Assessment of Pacemaker Malfunction
Pacemaker malfunction, troubleshooting and ECG
Conventional surface ECG can reveal the following types of pacemaker dysfunction:
- Failure to capture (FTC), which means that the pacemaker stimulations do not result in myocardial activation.
- Failure to pace (FTP), which means that the pacemaker does not stimulate as expected.
- Oversensing, which means that the pacemaker senses signals that are not true P-waves or R-waves. Sensing of such signals normally inhibits the pacemaker. Oversensing may lead to underpacing.
- Failure to sense (undersensing), which means that it fails to sense true P-waves or R-waves. Undersensing may lead to overpacing.
- Failure to rate adjust, which means that the pacemaker fails to adjust its rate according to haemodynamic needs. This is only relevant in rate responsive pacemakers.
These failures typically result in missing stimulation artifacts, misplaced stimulation artifacts, irregular pacing, etc. Most cases of malfunction are associated with the electronics in the pulse generator or dislodgement or fracture of the leads. External causes are less common and include electrolyte disorders, metabolic disorders, hypoxemia, antiarrhythmic drugs, or electromagnetic disturbance caused by other machines/devices.
Below follows ECG tracings demonstrating each type of failure.
Failure to capture
Definition: pacing does not result in myocardial activation.
Two types of failure to capture should be distinguished:
- Genuine failure to capture occurs when a stimulus that is expected to result in activation fails to do so. This may be due to insufficient stimulus energy, or lead dislodgement/fracture.
- Functional failure to capture occurs when a stimulus is delivered during the myocardial refractory period. A stimulus delivered during the refractory period should not result in activation because the myocardium is refractory.
The most common cause of failure to capture is insufficient stimulus energy. Modern pacemakers have built-in functions to calibrate the stimulus amplitude and width according to myocardial excitability. This is done by repeatedly stimulating with gradually decreasing amounts of energy until the stimulus no longer yields an activation. The pacemaker is then set to the minimum energy needed to activate myocardium (a safety margin is often used). Most pacemakers perform such calibrations several times daily, and they include a backup algorithm that delivers a stimulus when failure to capture is confirmed.
Oversensing occurs when the pacemaker detects electrical activity that it incorrectly interprets as atrial (P-wave) or ventricular activity (R-wave). The signals causing oversensing may not be visible on surface ECG.
Oversensing may also occur when electrical events in one chamber is sensed by the lead in the other chamber, resulting in inappropriate inhibition of the pacemaker in the latter chamber. This type of oversensing is referred to as pacemaker crosstalk.
Oversensing may also occur when the ventricular lead interprets the T-wave as an R-wave.
In DDD pacing, atrial oversensing leads to rapid ventricular pacing.
In DDI pacing, atrial oversensing leads to ventricular underpacing.
Undersensing occurs when the pacemaker fails to detect cardiac activity. This may be due to lead dislodgement, lead fracture or inadequate myocardial contact. It may also be due to the low amplitude (voltage) of the potentials generated by activated myocardium.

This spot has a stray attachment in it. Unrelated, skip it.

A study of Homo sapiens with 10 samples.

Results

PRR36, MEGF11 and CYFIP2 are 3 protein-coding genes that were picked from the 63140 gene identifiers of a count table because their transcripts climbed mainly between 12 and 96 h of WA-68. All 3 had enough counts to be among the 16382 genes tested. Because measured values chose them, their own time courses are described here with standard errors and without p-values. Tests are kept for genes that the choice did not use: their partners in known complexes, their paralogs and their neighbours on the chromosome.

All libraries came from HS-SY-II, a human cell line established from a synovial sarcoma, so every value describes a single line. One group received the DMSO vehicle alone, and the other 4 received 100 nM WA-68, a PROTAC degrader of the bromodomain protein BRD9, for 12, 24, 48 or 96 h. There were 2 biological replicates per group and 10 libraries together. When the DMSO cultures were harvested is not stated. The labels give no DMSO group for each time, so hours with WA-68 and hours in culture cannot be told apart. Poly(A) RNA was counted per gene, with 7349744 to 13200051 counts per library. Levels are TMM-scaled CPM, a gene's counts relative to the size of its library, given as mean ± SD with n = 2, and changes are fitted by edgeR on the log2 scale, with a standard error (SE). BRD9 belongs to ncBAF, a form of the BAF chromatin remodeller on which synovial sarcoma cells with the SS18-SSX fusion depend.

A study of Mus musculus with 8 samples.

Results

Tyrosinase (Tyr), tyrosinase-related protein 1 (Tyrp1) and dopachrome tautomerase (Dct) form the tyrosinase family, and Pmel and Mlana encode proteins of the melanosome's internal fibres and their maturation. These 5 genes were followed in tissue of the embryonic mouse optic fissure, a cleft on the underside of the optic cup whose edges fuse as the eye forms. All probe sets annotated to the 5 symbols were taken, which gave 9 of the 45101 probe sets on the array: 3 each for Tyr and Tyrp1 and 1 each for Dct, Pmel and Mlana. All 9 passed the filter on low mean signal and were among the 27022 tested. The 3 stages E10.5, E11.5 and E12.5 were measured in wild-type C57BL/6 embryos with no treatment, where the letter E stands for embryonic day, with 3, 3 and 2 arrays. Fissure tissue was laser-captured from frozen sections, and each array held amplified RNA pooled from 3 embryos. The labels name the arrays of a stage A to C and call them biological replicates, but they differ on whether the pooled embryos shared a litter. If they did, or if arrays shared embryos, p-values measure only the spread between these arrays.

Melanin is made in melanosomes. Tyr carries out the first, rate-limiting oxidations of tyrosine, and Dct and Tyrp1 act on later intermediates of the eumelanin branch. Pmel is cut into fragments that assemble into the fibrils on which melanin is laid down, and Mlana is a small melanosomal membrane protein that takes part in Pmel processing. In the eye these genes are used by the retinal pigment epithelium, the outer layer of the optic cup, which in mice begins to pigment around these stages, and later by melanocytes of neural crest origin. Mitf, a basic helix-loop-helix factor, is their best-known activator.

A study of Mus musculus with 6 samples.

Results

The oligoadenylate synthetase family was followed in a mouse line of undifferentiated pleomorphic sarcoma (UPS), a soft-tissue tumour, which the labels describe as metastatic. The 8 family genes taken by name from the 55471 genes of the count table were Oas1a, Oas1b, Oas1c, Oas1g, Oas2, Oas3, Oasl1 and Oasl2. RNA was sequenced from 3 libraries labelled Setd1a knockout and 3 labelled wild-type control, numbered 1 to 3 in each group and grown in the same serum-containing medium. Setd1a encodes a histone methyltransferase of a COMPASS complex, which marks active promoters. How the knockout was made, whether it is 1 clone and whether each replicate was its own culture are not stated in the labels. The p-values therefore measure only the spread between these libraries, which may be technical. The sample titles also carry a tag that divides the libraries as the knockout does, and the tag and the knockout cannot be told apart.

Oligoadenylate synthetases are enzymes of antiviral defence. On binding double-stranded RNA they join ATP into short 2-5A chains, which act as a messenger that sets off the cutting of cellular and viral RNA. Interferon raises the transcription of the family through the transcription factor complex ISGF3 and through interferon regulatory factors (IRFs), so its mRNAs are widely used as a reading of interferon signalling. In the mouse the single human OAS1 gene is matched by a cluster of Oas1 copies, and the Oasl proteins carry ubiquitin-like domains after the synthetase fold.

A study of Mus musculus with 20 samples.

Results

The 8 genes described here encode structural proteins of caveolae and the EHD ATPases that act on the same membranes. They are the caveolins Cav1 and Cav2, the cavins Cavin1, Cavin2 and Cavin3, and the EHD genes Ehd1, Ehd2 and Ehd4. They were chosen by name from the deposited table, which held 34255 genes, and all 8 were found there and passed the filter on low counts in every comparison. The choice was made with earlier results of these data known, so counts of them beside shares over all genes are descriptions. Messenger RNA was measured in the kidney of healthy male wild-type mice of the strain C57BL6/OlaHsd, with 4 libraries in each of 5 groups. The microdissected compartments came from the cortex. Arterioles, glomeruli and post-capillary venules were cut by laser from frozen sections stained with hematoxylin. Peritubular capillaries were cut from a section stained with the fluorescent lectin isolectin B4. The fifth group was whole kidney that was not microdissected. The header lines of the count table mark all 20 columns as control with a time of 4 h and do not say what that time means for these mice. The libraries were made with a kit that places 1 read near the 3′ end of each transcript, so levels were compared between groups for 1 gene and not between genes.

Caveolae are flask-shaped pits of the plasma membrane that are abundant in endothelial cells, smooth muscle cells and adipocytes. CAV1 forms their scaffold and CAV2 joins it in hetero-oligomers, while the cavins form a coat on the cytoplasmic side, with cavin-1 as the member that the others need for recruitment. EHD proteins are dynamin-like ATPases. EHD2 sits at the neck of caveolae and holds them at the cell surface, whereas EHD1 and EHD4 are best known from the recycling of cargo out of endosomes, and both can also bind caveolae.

Functional undersensing occurs when the pacemaker does not sense intrinsic activity during the period when sensing is disabled. This is an appropriate form of undersensing, and was discussed previously (refer to PVARP).
Undersensing can lead to overpacing, because the pacemaker does not sense ongoing activity. Signs of overpacing should always lead to suspicion of undersensing.
If ventricular pacing is triggered by atrial activity, then tachyarrhythmias may occur in the following situations:
- A supraventricular tachyarrhythmia (e.g atrial fibrillation) can be transmitted to the ventricles.
- If the ventricular impulse manages to travel in retrograde direction back to the atria, via the bundle of His, then it may trigger another ventricular stimulation. This may result in an endless loop tachycardia, also called pacemaker mediated tachyarrhythmia / tachycardia (PMT). PMT may be terminated by placing a magnet on the pulse generator. Modern pacemakers often include algorithms that detect and terminate PMT.
- When oversensing in the atrium, ventricular pacing may increase inappropriately.
Recall from the previous discussion that PVARP, mode switch and upper pacing limit are means for preventing these tachyarrhythmias. PVARP means that the atrial lead is refractory for a certain time period after each ventricular stimulation. Mode switch means that the pacemaker inactivates the trigger function during supraventricular tachyarrhythmias. Also note that tachyarrhythmias mediated by the pacemaker can not exceed the upper pacing limit of the pacemaker, which is usually set to 160 beats/min.
Other tachyarrhythmias associated with pacemaker
The sensor enabling rate responsiveness may misinterpret signals and assume that the person is physically active, and thus increase the ventricular rate. For example, sensors that record movements (accelerometer) may misinterpret external vibrations as physical activity.
Runaway pacemaker is a potentially life-threatening condition in which the pacemaker fires >200 times per minute, which may degenerate into ventricular fibrillation. The most common cause is battery failure or external damage. Placing a magnet on the pulse generator may resolve the arrhythmia, but more aggressive measures may be necessary.